When you think of Canadian food products, wine doesn’t exactly spring to mind. Back bacon and maple syrup, yeah, but wine? Mention Canadian wine and the first reaction you’re likely to get is either laughter or a blank stare.
That’s beginning to change as vintners in the Great White North are proving themselves.
The history of Canadian wines goes way back. Even the Vikings, who visited eastern Canada a thousand years ago, called the place Vinland after the vines of native grapes they found. The Native Americans (called First Nations up here) only used the grapes for eating, but it wasn’t long after British and French immigrants showed up that the first attempts at wine production were made. By the mid-nineteenth century it had become big business.
The major wine growing regions are British Columbia (shown here) and Ontario, with much smaller levels of production in Quebec and Nova Scotia. It should come as no surprise that most of vineyards hug the southern border and much of the wine they make is icewine.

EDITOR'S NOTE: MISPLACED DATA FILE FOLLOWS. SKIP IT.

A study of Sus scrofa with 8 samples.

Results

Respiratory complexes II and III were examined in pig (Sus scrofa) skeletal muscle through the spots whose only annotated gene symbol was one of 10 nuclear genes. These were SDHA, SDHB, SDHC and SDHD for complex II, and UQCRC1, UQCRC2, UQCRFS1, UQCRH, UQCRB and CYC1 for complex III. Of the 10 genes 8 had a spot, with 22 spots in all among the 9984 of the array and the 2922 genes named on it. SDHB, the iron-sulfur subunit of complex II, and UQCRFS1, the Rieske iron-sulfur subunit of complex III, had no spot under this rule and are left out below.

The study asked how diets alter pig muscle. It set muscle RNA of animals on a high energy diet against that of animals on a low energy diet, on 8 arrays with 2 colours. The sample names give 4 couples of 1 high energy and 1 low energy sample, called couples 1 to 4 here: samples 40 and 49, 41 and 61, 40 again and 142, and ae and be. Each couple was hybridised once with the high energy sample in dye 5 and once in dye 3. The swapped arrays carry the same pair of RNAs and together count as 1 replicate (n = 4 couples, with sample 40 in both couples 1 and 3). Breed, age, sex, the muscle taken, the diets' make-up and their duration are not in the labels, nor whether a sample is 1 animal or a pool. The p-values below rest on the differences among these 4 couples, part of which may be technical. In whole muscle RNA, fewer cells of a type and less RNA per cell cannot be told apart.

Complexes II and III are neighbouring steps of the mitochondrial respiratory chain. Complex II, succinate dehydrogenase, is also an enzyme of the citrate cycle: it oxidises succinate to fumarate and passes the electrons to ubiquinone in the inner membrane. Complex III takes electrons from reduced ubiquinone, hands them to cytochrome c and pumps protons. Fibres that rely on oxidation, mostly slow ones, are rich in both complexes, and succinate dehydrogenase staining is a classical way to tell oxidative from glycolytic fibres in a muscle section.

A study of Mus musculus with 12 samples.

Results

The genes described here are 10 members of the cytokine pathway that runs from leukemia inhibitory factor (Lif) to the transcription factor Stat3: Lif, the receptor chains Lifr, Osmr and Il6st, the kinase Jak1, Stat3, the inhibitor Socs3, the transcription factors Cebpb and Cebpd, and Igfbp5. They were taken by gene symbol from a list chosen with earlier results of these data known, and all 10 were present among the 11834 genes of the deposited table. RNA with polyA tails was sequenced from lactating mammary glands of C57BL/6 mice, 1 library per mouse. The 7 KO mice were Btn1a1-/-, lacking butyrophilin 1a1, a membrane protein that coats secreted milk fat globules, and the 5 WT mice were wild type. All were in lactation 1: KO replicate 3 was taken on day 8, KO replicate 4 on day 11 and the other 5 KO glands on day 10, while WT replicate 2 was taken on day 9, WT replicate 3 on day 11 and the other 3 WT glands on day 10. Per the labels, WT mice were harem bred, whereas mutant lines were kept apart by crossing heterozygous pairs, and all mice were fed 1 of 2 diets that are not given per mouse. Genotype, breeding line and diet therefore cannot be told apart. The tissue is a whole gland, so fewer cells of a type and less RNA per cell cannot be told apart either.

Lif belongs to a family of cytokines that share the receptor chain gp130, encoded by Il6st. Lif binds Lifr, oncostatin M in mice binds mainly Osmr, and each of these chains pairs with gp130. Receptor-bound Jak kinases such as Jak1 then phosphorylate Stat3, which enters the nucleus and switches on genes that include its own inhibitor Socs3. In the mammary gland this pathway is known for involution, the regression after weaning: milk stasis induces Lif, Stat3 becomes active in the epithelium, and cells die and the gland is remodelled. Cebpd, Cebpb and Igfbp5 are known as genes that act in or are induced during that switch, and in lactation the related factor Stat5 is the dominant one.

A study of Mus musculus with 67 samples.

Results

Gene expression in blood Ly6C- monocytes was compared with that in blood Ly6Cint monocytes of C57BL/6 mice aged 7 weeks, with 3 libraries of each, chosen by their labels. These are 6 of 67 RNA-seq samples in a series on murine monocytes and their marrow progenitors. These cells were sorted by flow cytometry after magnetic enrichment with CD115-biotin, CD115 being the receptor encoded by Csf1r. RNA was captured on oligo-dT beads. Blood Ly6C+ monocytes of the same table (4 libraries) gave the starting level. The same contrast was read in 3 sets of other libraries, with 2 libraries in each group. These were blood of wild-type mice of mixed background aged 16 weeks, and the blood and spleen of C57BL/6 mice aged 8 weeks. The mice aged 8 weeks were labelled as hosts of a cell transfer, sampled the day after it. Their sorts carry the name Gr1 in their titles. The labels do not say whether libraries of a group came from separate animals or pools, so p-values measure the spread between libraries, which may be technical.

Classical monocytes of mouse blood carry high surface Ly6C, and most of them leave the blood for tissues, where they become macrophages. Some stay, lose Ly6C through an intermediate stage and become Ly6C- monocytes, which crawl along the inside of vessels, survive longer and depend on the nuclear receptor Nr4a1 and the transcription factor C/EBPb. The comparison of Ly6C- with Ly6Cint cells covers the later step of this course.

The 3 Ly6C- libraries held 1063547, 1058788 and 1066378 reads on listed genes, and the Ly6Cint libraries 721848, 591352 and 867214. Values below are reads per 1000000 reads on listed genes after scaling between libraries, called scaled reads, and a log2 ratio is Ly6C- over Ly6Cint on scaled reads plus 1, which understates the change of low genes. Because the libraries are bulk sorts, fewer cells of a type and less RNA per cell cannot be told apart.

Icewine is produced from grapes that have frozen on the vine. They aren’t harvested until the temperature dips lower than -8 Celsius, which means harvest is often as late as December. The frozen grapes only produce a tiny bit of juice rich with acid and sugar. The resulting wine is a very sweet dessert wine that comes in smaller bottles and is best served chilled and in small glasses. The expensive production process leads to a corresponding price tag. Canadian icewine is considered some of the best in the world.
Some Canadian producers actually import grapes and press them in Canada or mix them with Canadian grapes. These are labeled “Cellared in Canada” and are not true Canadian wines. All Canadian ice wine is the real stuff. Frozen grapes aren’t hard to come by here.
But icewine isn’t the whole story. According to the Canadian Vintners Association, more than thirty varieties are produced in the country. The Rieslings of Ontario were the first to show promise back in the Seventies, and Vidals, Chardonnays, and other varieties have become prominent. Pinot Noir, grown in Niagara, has done so well that Boisset, the largest producer in France’s famous Burgundy region, has joined with Vincor International, Canada’s largest wine company, to build a winery in Niagara dedicated to Pinot Noir and Chardonnay.
If the French have faith in Canada’s potential, that means something. Who knows? With global warming, Canada may become the new southern Europe.